Metro-North Railroad
Updated November 22, 2021 5:30 p.m.

Historic Upgrade Will Enable Service Increases, Reaffirms Commitment to Rail Service for Naugatuck Valley Communities 

Project Completed in Collaboration with the Connecticut Department of Transportation Eliminates Final Manual Signal System on Railroad 

 

Metro-North Railroad today announced it has installed signals, Positive Train Control (PTC) and passing sidings along the Waterbury Branch. The completion represents a historic upgrade to a branch that was built in 1849, underscores the State of Connecticut’s commitment to maintaining and upgrading the branch, and eliminates the final segment of Metro-North Railroad that had been operating without an automatic signal system. 

Though the Waterbury Branch had been exempt from PTC because it lacked a signal system, Metro-North and the Connecticut Department of Transportation (CTDOT) nevertheless brought signals to the branch allowing for PTC to be activated on Nov. 20. PTC automates key operational functions and reduces the potential of human error to contribute to train accidents. With the activation of the Waterbury Branch, all parts of Metro-North are now operating in PTC. 

“The successful installation of the new signal system on the Waterbury Branch allowed us to bring the final segment of Metro-North online for PTC, increasing passenger safety, while also giving us the ability to provide more service on the branch in the future,” said Catherine Rinaldi, President of Metro-North Railroad. “I would like to thank CTDOT for being great partners throughout this project and am excited for our Connecticut customers to reap the benefits of a smoother commuting experience.” 

“Simply put, PTC and signalization mean better safety and better service,” said Joseph Giulietti, Commissioner of the Connecticut Department of Transportation. “Metro-North has been an essential partner in advancing the Waterbury Branch into the future and helping lay the groundwork for expanded train service. We thank them for playing an important part in helping us move Connecticut forward.” 

The new signal system, known as Centralized Traffic Control (CTC), was brought online this month by Metro-North crews at the direction of the CTDOT, which provided funding. The CTC system allows trains to safely travel at speeds of up to 60 mph. The signalization project was recognized as the Infrastructure Project of the Year by the Connecticut chapter of the Construction Management Association of America

Work on the project began in April 2019 and finished at the beginning of November. In that time crews completely upgraded the signal system on the entire branch. Crews replaced more than 13,000 rail ties to keep train tracks in a good state of repair, and passing sidings were added where trains can pass each other at Derby, Beacon Falls, and just south of Waterbury, with a fourth to be installed at Devon. The siding installations give Metro-North the potential to increase train service and provide more flexibility to reduce congestion during peak periods.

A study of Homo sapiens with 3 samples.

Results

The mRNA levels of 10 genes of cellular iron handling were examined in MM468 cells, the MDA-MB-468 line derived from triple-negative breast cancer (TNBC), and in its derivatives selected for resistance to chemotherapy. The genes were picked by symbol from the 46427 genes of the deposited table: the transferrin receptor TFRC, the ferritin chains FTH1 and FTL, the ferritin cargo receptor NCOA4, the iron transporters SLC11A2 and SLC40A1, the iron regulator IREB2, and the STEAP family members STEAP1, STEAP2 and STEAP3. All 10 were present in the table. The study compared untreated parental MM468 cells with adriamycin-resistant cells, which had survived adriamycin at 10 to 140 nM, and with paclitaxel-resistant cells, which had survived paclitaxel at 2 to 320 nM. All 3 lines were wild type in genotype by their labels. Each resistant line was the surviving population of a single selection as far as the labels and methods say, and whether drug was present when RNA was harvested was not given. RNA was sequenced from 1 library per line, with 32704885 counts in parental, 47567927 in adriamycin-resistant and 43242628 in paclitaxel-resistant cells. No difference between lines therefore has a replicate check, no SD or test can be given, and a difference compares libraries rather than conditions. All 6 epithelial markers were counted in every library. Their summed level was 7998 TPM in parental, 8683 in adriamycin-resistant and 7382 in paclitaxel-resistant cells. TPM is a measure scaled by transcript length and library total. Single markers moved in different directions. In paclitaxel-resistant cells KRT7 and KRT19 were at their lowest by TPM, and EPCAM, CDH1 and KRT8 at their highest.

Since Metro-North started operating service on the Waterbury Branch in 1983, trains have operated under a Manual Block System, the industry standard for rail lines without an automatic signaling system. That system required a Rail Traffic Controller at Metro-North’s Operations Control Center to provide authority to each train’s crew to proceed between various points (or “blocks”) on the line. The new CTC system is a significant upgrade, allowing additional capacity and safety on the line.  

CTDOT looks to build on the signal-system installation with plans to install two-way rail service on the branch in the coming months. With the signaling-system upgrades and the addition of the passing sidings, service can increase on the branch to as many as 22 trains each weekday beginning as early as the summer of 2022. Increased service on the Waterbury Line was funded by $1.23 million in Connecticut state funding; $1.3 billion in federal funds will further enhance and expand these efforts. 

History of the Waterbury Branch 

The Waterbury Branch can trace its roots back to the original Naugatuck Railroad opened in 1849 between Bridgeport and Winsted, Conn. The line was acquired by the New York, New Haven & Hartford in 1887, becoming fully integrated into their system in 1906. Control of the line passed to Penn Central in 1969 and to Conrail in 1976. Metro-North took over the contract for operating commuter service between Bridgeport and Waterbury on behalf of Connecticut Department of Transportation in 1983. 

In 1982, CTDOT invested for the future by purchasing the tracks to preserve them for future rail service. After freight service was abandoned north of Waterbury in 1995, the new Naugatuck Railroad began operations in 1996, providing freight service to local businesses and also bringing tourism revenue to the area by operating seasonal passenger excursions utilizing the historic fleet of trains maintained by the volunteers of the Railroad Museum of New England in Thomaston, Conn.